A detail of a watercolor painting of Point Lookout by...

A detail of a watercolor painting of Point Lookout by artist John Rice that was given to essay writer Paula Ganzi McGloin and her husband, Billy, commissioned as a wedding gift,   Credit: Paula Ganzi McGloin

You don’t need to be a swimmer, a surfer or own a house in the Hamptons to be a beach person — you only need to love the sand and surf.

Growing up in an apartment in Kew Gardens Hills, Queens, didn’t stop my family from having a beach ritual. Zach’s Bay at Jones Beach is the backdrop to countless childhood photos. My dad, born in Manhattan, was a long-distance swimmer who learned in the East River. On summer weekends, he’d get us up early so we could spend the day -- and because parking was free before 8 a.m.

Years later, I ventured to West End 2 with my girlfriends in search of a deep tan and cute guys. By the time I was married, I’d made Long Island my home. Bellmore may not be a “beach community,” but at least it’s on the South Shore.

Long Islanders often identify themselves in subtle ways: North Shore or South Shore, Nassau or Suffolk, an exit on the Long Island Expressway, a patron of a favorite pizza place, or the beach they frequent. Ours was Point Lookout.

Come Memorial Day weekend, summer breezes mock stubborn calendars insisting it’s spring. We flock to the shore and let the beach enchant us. A friend in Rockville Centre rents workspace in Long Beach so she can break for bike rides on the boardwalk. On Fire Island, my writer gal pals and I found inspiration. After I was widowed, I sought Mother Nature’s embrace walking the boardwalk at Jones Beach Field 4. Once I started dating, the beach was often a destination, with the romance of sunsets and surf irresistible.

When my husband, Billy, and I retired and moved to Delaware, a location we chose for its proximity to the shore, we had to find a new spot. Rehoboth Beach is high-energy with its boardwalk, restaurants and shops, including the cool indie bookstore that hosted my first book signing. But we chose the quieter Towers Beach, reminiscent of the Point Lookout vibe we love.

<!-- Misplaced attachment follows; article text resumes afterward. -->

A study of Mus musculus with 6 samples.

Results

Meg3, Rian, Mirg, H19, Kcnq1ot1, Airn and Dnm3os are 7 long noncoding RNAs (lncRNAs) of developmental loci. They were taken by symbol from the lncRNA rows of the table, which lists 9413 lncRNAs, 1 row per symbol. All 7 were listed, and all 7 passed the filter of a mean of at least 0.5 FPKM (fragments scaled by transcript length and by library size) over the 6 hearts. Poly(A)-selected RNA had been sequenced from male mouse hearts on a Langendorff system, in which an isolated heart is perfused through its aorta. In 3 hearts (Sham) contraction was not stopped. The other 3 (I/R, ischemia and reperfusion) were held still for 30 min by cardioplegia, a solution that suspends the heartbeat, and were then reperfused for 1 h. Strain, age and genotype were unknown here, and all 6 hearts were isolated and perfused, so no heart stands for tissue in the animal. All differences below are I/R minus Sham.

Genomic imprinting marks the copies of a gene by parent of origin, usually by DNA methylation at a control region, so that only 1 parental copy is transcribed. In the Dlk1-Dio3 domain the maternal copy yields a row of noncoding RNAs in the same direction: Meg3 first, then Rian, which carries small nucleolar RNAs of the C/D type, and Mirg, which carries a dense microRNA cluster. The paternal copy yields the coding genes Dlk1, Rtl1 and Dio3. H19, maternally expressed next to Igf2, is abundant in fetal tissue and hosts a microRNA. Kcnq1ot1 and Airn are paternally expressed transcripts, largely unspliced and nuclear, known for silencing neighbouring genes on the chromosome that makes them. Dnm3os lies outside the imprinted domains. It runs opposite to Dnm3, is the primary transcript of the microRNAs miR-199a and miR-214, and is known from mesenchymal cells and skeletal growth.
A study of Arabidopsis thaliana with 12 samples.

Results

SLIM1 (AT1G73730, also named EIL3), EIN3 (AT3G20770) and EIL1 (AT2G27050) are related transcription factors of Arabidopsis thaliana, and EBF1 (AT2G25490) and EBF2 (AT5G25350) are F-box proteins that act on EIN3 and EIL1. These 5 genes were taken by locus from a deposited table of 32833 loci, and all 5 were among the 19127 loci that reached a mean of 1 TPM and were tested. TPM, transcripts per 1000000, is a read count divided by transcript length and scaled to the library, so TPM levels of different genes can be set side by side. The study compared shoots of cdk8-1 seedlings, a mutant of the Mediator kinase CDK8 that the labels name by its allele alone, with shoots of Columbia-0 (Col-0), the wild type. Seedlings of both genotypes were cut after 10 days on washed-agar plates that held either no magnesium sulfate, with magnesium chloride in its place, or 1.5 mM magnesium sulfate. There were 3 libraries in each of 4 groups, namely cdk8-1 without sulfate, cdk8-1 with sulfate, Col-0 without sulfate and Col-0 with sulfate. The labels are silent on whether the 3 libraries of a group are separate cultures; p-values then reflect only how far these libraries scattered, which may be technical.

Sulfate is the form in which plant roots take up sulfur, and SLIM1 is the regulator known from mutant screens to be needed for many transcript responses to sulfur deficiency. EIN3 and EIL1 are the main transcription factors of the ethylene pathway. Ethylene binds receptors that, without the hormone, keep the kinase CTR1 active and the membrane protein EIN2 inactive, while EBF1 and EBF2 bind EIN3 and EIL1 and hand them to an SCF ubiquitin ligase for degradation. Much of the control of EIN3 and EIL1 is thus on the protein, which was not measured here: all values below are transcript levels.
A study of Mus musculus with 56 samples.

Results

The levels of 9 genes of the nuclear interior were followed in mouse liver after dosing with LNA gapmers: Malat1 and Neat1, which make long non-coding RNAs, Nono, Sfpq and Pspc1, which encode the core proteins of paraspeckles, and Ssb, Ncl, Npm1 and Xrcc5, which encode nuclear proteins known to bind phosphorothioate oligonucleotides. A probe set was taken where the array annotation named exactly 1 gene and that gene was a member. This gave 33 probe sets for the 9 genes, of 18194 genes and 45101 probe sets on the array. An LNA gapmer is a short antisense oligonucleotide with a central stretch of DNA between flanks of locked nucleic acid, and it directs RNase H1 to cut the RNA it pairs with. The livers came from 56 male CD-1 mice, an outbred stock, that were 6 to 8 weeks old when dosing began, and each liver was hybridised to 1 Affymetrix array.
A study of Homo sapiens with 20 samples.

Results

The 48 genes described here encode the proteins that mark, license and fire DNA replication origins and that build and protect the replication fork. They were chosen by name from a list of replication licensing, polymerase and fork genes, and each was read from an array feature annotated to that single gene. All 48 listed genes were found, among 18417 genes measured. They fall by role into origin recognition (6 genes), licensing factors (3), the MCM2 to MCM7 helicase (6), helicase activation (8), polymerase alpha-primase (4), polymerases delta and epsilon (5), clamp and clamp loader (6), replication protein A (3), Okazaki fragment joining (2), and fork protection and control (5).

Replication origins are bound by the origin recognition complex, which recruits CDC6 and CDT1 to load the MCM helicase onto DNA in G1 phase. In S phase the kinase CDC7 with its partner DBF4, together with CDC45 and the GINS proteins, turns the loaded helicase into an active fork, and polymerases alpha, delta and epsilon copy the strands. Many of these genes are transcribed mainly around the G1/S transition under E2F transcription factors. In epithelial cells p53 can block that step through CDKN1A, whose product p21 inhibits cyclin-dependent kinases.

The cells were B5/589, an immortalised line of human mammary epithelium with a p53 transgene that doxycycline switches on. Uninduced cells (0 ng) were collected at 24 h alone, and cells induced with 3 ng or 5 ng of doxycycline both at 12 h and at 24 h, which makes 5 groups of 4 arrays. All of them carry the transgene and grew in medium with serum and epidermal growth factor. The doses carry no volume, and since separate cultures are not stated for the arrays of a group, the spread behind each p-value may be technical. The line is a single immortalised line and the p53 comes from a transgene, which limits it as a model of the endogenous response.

My Long Island beach pride is stirred by other shores. In Destin, Florida, on the Gulf of Mexico, the sand is silkier, but we missed Point Lookout's mobility mats that make access easier for beach carts. In Lincoln City, Oregon, we spotted whales, but the water is colder and the sand grittier. In Honolulu, we loved the lagoon-like turquoise waters, despite the cluttered coastline of high-rise buildings absent from Long Island’s shores.

Slogans on Delaware bumper stickers, T-shirts and tote bags – “Stay Salty” and “Life is Better at the Beach” – reflect the lifestyle on Long Island and in our new hometown, boasting the bliss and freedom of life in flip-flops.

The beach is democratic. It calls to us regardless of age, income or season. We go to see the sun sparkle on the water, evoking our thoughts and dreams. We go to feel the sand beneath our feet and walk the shore, not just to exercise but sometimes to exorcise life’s troubles. We go to hear the soothing surf and seagull squawks that signal paradise found. Similar to the way turtle hatchlings instinctively know the direction to the ocean and scurry to the water, so too are we drawn to the beach.

We go because the beach is in our blood. Billy and I go because of the captivating memories of our childhood and adult years on Long Island’s pristine coastline.

Reader Paula Ganzi McGloin now lives in Millsboro, Delaware.

SEND AN ESSAY about life on Long Island (about 550 words) to expressway@newsday.com. Essays will be edited and may be republished in all media. Include your full name, address and telephone numbers.